Amazon lists some 2,000 Holocaust memoirs, among them Elie Wiesel’s Night (1958), Viktor Frankl’s Man’s Search for Meaning (1946), and, of course, Anne Frank’s The Diary of a Young Girl (1947). But from an historical perspective, the most significant of these efforts may well be Rudolf Vrba’s chilling memoir, I Escaped from Auschwitz. Vrba wrote the book itself nearly two decades after the end of the war. But it was largely based on the report he and a fellow escapee compiled in 1944 that brought the first detailed information from within a Nazi extermination center to the desks of Franklin Roosevelt and Winston Churchill. That alone makes it the most important Holocaust memoir.
Estimated reading time: 6 minutes
Tragically, the Vrba-Wetzler Report didn’t lead to any change in the Allies’ conduct of the war that might have curtailed the Holocaust. But it could no longer be said that US and British leaders were unaware of Nazi genocide well before the conflict drew to a close. (In fact, they had known since November 1942.) And dissemination of the report to the Vatican and throughout Europe forced the Nazis to halt the mass deportation of Hungarian Jews. Two hundred thousand lives were saved as a result.
Vrba wrote to explain “how it could have happened”
As British historian Sir Martin Gilbert explains in a Foreword to the book, “Vrba was a prisoner in Auschwitz for twenty-one months and seven days. He then escaped with his fellow Slovak Alfred Wetzler. As they made their way south into Slovakia, they carried with them in their immediate memory, as a matter of personal knowledge [and interviews with fellow prisoners], the true story of Auschwitz, the hitherto ‘unknown destination’ of Jewish deportees from all over Europe.” Vrba himself reveals in his account that he later found many people unwilling to believe him when he described how German soldiers rounded up millions of Jews and shipped them to the death camps without resistance. Surely, Vrba’s listeners thought, they would have fought back. He wrote the book years later in order to explain how that could have happened.
I Escaped from Auschwitz by Rudolf Vrba and Alan Bestic (1963) 480 pages ★★★★☆
“Nobody believed” death awaited them
“We were told calmly that all Jews were being sent to reservations in Poland where we could learn to work and build up our own communities.” At the time, the practice seemed simply a continuation of the Nazi practice to deport Jews from Germany and, later, to segregate them in ghettos. “Nobody believed, of course, that the resettlement areas were going to be anything like home.” But life there would be bearable. Although rumors circulated that many sent “to the East” were dying, few could believe that even the Nazis would practice systematic genocide. That was simply inconceivable. And postcards sent home by many of those deported to the death camps spoke of pleasant conditions and interesting work. It was all part of the Nazis’ insidious “Final Solution.”
The full dimensions of the Holocaust
Most people around the world gained awareness of the Holocaust only gradually after the end of World War II in Europe in May 1945. As Allied soldiers liberated some of the more than 44,000 concentration camps, incarceration centers, and ghettos, word trickled out about the genocidal practices of the Nazi regime. With newsreel coverage of the six industrial-scale death camps at Chelmno, Belzec, Sobibor, Treblinka, Majdanek, and Auschwitz-Birkenau, the full scope of the horror began to reach a wider public. And, gradually, one Holocaust memoir after another saw the light of day in the years that followed.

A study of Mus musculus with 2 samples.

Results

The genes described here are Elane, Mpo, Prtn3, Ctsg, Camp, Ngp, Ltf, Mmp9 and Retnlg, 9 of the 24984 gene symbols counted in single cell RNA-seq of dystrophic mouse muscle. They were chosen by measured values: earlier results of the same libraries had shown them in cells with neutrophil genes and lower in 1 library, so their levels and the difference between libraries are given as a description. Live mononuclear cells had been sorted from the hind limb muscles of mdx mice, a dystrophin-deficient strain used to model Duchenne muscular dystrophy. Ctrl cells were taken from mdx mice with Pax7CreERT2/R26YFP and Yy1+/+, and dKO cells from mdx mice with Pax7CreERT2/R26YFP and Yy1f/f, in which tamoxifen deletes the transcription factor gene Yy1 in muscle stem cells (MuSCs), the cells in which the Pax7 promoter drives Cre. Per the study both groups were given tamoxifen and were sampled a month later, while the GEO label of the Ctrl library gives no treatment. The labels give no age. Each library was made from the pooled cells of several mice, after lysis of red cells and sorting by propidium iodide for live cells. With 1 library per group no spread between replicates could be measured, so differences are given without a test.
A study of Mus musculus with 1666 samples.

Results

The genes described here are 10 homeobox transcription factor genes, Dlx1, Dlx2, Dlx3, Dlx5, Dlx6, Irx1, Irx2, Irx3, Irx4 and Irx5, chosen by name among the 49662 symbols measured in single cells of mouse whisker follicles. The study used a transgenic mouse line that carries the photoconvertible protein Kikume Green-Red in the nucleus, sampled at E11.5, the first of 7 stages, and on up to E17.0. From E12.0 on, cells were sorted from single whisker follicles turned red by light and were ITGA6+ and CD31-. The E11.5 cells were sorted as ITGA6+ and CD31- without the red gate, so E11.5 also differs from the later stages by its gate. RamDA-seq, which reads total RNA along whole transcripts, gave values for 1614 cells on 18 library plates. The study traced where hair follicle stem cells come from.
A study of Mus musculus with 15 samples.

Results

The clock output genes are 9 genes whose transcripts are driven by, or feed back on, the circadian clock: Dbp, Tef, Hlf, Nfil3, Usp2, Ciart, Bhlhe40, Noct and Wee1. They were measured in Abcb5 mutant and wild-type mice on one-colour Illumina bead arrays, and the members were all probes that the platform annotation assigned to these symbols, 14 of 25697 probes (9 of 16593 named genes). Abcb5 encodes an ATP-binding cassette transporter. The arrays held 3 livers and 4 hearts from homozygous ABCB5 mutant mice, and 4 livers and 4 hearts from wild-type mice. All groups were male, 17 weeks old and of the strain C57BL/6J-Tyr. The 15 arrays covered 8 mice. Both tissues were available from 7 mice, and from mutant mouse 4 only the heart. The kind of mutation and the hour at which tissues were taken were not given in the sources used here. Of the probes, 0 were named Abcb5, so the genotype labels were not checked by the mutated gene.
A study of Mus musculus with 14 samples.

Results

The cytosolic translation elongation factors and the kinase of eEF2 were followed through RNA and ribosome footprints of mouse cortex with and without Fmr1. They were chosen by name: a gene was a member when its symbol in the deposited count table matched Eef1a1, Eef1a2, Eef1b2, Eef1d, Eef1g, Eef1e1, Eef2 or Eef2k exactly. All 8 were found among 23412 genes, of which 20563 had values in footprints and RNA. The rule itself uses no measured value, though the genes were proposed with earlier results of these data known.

It took years for the truth to out, and even today millions doubt or even deny the gruesome facts. And as historians systematically dig into the available sources, the numbers of dead continue to rise. The best prevailing estimate today is a total of more than 17 million. Among them were six million Jews, six million non-Jewish Soviet civilians, three million Soviet prisoners of war, and nearly one million Serbs, Roma, and people with disabilities.
When Vrba became “prisoner number 44070” at Auschwitz, he was a strong young man of seventeen. From the outset, he demonstrated a ferocious determination to survive. Few could have lived through the deprivation, brutality, and sadism he experienced during nearly two years at the Nazis’ largest and most advanced extermination center, much less successfully escaped to tell the tale.
About the author
Rudolf Vrba was born Walter Rosenberg in 1924 in a small Slovakian town. Later, he adopted the name under which he is now known to the world to broadcast his Slovak heritage. He was expelled from high school as a Jew in 1939 at the age of fifteen. Three years later, still shy of his eighteenth birthday, he faced deportation to a labor camp and fled to Hungary. He was eventually caught and forced to join a shipment of Slovakian Jews to Auschwitz. In his Holocaust memoir, he recounted the experiences of his youthful years, from 1939 to 1945.
Following the war, Vrba moved first to Israel, then to England, and finally to Canada. Building a career on his early studies in chemistry in Czechoslovakia, “he became professor of biochemistry in the pharmacology department of the medical school of the University of British Columbia (UBC).” He died in Vancouver of cancer at 81 in 2006.
For related reading
Check out Good books about the Holocaust and More than 30 worthy books about Jewish topics. But for a very different perspective on Verb’s story, see In the Name of Humanity: The Secret Deal to End the Holocaust by Max Wallace (How the Holocaust ended).